In the District, struggling to deal with teen pregnancy
She was 11 years old and pregnant. A preteen herself, the girl delivered the baby while under the supervision of child protective services, a clear sign of serious issues in her young life. The medical, psychological, social and emotional support she received, however, came by way of the Teen Alliance for Prepared Parenting (TAPP), a privately funded program created by the Washington Hospital Center to address a teen pregnancy problem that the District has been slow to confront.
Loral Patchen, director of the program, does not bury her head in the sand when it comes to teen pregnancies. Instead, she and her staff of social workers, youth development specialists and health counselors have buried themselves in the problem. I learned more about their work from Patchen and Washington Hospital Center Foundation officials this week.
Since 2001, the TAPP program has served 1,356 pregnant D.C. teens and teen mothers. These days, TAPP serves more than 300 new teen mothers and teen fathers each year - that is, if the latter get involved, which is rare. TAPP support includes helping the girls through their pregnancies with counseling, psychosocial and youth development services designed to prevent subsequent pregnancies, dropping out of school and a future of dependency.
Most of the girls TAPP serves are 16 or 17 years old (45 percent and 29 percent, respectively), when they enroll in the program, though 13 percent were 15 years old and 6 percent were 14 or younger. The program started enrolling 18-year-olds last fall as well.
Patchen estimates that 70 percent of the pregnant girls and teen mothers are students in D.C. public schools.
What else is known about these girls? More than 90 percent are African American or Latina. They live in wards of the city where poverty, drugs, guns, unemployment, incarceration and teen parenting are prevalent. The average age at which the girls reported first having intercourse was 14.6 years, and they averaged one sexual partner within the year before contacting TAPP.
One-fifth of the girls had been diagnosed with one or more sexually transmitted infections. One fifth also had been pregnant two or more times before enrollment, and 6 percent already had at least one child when they started with TAPP.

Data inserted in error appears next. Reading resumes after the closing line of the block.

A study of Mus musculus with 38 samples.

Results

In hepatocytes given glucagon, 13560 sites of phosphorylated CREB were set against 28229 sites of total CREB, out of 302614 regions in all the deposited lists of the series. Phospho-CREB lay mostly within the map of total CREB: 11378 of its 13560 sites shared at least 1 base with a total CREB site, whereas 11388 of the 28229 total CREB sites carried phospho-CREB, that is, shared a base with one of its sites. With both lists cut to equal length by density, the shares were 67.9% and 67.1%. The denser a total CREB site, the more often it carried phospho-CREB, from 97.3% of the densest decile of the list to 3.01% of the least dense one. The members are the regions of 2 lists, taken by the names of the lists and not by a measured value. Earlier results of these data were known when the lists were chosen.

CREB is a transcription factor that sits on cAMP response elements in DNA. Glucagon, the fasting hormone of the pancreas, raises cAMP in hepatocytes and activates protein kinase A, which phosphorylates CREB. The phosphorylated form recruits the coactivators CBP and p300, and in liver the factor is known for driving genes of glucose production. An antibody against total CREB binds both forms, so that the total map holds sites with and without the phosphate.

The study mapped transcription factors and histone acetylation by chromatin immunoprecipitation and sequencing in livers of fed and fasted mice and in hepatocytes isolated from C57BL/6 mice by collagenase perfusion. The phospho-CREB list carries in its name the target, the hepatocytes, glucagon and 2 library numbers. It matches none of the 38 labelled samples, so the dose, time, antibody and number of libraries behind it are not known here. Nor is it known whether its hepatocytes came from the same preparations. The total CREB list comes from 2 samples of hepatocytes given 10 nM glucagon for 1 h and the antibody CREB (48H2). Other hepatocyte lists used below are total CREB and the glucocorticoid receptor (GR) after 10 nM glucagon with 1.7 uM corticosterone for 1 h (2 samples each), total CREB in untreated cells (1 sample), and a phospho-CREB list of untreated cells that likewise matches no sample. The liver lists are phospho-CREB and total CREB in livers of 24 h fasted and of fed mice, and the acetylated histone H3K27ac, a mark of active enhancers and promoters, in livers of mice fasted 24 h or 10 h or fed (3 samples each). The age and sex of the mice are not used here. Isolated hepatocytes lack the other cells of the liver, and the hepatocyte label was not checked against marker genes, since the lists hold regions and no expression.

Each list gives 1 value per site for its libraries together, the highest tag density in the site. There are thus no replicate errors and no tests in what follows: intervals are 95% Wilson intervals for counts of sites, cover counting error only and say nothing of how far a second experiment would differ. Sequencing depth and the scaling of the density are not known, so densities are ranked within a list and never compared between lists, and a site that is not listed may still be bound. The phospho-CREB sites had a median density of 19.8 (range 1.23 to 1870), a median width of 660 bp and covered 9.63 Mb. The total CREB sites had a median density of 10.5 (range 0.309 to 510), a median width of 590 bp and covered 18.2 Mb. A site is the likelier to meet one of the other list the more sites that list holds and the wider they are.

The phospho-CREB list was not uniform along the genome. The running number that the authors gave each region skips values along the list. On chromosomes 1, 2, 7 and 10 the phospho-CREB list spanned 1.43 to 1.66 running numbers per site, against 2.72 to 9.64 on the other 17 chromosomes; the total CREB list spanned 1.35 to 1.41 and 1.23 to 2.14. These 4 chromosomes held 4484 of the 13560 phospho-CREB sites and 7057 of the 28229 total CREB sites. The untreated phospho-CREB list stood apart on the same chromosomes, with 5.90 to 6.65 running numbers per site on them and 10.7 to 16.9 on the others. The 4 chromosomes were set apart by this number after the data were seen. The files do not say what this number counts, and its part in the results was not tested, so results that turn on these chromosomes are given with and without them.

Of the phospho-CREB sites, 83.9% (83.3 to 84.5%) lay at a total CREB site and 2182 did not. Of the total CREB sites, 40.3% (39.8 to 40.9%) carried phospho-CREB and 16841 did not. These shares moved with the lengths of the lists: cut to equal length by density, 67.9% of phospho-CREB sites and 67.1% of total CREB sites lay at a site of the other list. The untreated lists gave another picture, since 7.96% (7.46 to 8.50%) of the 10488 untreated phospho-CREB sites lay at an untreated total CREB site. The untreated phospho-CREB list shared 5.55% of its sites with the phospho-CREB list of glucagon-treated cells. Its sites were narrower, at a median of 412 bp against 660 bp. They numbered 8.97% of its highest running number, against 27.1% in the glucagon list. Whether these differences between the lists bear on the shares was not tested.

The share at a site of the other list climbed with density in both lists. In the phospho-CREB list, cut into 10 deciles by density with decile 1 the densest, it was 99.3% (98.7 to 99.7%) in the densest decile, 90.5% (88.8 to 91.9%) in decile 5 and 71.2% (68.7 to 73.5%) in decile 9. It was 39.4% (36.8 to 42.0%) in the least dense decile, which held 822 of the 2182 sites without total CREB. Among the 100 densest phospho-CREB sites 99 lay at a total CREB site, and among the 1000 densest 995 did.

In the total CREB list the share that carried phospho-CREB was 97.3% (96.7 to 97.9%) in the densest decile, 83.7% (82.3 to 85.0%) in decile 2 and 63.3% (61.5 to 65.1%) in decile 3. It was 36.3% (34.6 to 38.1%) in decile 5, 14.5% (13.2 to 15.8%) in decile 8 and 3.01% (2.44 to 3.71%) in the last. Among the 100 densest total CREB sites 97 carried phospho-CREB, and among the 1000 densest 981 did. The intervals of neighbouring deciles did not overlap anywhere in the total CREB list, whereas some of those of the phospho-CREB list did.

About 56 percent of them live in single-parent homes, 52 percent were born to teen mothers, and 40 percent have siblings who were also teen parents.
TAPP, which focuses on preventing additional pregnancies, appears to be making a dent in the problem. Only 8 percent of TAPP girls had another birth within 24 months after the first child, according to a study by the Office of Population Affairs in the U.S. Department of Health and Human Services. Citywide, almost 18 percent of 15-to-18-year-old mothers had another child in 2007.
Let's be clear. TAPP provides a small window on the problem. Most pregnant D.C. teens don't use TAPP services. No one knows the full dimensions of the teen pregnancy problem - not the D.C. Health Department, the D.C. Public School system, the mayor or the D.C. Council. Not even the mothers and fathers of the girls and boys who are making the babies. The city's faith leaders also seem clueless.
We do know the consequences many of these young mothers and their children will face. Without an education and strong family support, low-income D.C. teens and their babies will confront a bleak future filled with barely the minimum to support their lives.
And we know of the other costs. Taxpayers must pick up the tab for food stamps, welfare, medical care, cribs, day-care vouchers, diapers and the like.
The city does manage a program for teen parents at Anacostia and Cardozo senior high schools that aims to influence graduation and attendance rates and prevent repeat pregnancies. But otherwise the District, as usual, is playing catch-up. A federal grant awarded to the city last fall will soon provide programming for pregnant and parenting students age 21 and younger. And the D.C. Health Department is establishing school-based health facilities at Anacostia, Ballou and Coolidge high schools, where care for students and their children are most needed.
But wait. Should the city's goal be to make pregnant teens better mothers? Or should it be to prevent teen pregnancy? Remember the 11-year-old mother.